Lee was sentenced to death for the 1993 murder of his neighbor Debra Reese. With Ledell's death warrant set to expire at midnight, the state carried out the execution after the U.S. Supreme Court voted 5-4 to reject a challenge claiming that Arkansas was rushing a number of executions because their supply of a lethal injection was expiring by the end of April.
McKesson Corporation, one of the state's lethal injections providers, tried halting the executions in court, arguing that the state prison system "never disclosed its intended purpose." The company argued that the Arkansas Department of Correction was gathering their product through a medically-licensed physician in the state, and asserting that they were using the drug for "a legitimate medical purpose." Earlier this month, two other companies, Fresenius Kabi USA and West-Ward Pharmaceuticals Corporation, came forth asking the court to prevent their products from being used in executions after they "learned of information suggesting that medicines they manufactured might be used in lethal injections in Arkansas."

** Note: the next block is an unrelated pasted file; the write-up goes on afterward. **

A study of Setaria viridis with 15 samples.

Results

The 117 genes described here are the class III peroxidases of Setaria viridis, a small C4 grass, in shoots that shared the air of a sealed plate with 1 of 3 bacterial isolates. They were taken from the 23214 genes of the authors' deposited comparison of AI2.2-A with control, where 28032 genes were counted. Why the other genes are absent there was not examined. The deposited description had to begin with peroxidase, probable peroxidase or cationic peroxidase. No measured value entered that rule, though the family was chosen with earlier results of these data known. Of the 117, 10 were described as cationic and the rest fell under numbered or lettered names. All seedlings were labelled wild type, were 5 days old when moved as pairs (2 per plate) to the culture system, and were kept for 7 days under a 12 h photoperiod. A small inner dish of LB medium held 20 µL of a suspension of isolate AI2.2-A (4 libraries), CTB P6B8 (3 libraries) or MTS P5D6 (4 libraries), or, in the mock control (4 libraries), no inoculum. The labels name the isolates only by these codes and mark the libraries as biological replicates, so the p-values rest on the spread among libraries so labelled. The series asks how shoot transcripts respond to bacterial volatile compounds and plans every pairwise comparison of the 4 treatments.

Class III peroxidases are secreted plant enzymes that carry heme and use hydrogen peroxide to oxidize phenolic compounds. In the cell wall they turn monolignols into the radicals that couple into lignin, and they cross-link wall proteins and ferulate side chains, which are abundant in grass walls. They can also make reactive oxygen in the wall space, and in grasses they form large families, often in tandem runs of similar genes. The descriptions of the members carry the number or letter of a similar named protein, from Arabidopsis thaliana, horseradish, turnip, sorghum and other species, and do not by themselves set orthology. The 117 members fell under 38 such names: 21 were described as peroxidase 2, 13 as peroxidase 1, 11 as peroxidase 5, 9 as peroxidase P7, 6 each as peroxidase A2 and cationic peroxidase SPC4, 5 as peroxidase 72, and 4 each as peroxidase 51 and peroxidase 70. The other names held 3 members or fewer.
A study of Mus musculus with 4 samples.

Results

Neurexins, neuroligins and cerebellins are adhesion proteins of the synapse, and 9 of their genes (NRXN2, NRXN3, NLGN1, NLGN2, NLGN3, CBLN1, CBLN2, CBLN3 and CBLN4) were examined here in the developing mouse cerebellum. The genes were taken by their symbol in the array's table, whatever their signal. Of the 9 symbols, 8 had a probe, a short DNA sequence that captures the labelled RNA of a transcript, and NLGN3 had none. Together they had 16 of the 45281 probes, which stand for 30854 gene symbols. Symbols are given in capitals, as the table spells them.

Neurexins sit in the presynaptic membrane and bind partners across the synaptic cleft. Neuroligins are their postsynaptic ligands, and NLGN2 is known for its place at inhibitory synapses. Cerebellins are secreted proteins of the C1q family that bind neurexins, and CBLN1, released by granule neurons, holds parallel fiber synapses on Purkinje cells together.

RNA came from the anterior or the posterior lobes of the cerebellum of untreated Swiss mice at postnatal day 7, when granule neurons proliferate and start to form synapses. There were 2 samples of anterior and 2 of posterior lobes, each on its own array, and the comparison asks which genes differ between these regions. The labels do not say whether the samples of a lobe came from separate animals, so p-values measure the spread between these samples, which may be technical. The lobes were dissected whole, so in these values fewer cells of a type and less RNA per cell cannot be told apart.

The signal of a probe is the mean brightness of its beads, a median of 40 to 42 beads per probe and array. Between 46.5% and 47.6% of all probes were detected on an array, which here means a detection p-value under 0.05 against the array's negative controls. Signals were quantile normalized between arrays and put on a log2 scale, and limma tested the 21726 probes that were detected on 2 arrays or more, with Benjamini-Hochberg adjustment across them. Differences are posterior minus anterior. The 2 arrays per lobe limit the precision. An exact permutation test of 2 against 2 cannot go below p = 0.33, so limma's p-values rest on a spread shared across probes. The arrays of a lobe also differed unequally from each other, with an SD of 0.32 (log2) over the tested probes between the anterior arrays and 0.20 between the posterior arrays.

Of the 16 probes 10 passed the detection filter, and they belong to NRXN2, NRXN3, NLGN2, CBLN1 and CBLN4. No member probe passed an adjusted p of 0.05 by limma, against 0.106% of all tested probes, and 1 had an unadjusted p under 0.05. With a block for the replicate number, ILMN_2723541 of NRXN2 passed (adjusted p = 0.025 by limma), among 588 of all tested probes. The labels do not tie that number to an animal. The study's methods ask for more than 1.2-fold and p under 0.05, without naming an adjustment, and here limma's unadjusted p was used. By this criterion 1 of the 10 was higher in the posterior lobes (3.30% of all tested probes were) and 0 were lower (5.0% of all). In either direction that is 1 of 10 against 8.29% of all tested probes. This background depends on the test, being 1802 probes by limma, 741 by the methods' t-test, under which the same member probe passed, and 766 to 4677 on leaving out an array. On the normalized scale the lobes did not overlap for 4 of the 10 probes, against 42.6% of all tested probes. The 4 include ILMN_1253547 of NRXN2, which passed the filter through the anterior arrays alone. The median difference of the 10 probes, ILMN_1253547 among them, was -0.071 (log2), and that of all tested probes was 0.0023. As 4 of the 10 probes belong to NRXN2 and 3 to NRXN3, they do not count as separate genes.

Lee was given three lethal injections: midazolam, which makes him unconscious; vecuronium bromide, to stop his breathing; and potassium chloride, to eliminate his heartbeat. According to Associated Press reporter Sean Murphy, who witnessed the execution, Lee appeared to be breathing after the first few minutes, but was unresponsive once a consciousness check was conducted.
Lee maintained his innocence until the time of his death. Arguing on behalf of Lee, the ACLU asked the court to conduct a new DNA tests on the blood found on his shoe and a hair found at the scene of the crime, claiming that the testing done at the time "wasn’t sophisticated enough." The state went through with the execution. When asked what he wanted for his final meal, Lee opted to have holy communion instead.
Over the next two weeks, the state intended to execute eight inmates, including Lee, but the court held up three of the executions. Arkansas plans on having two executions on Monday, and another on Thursday.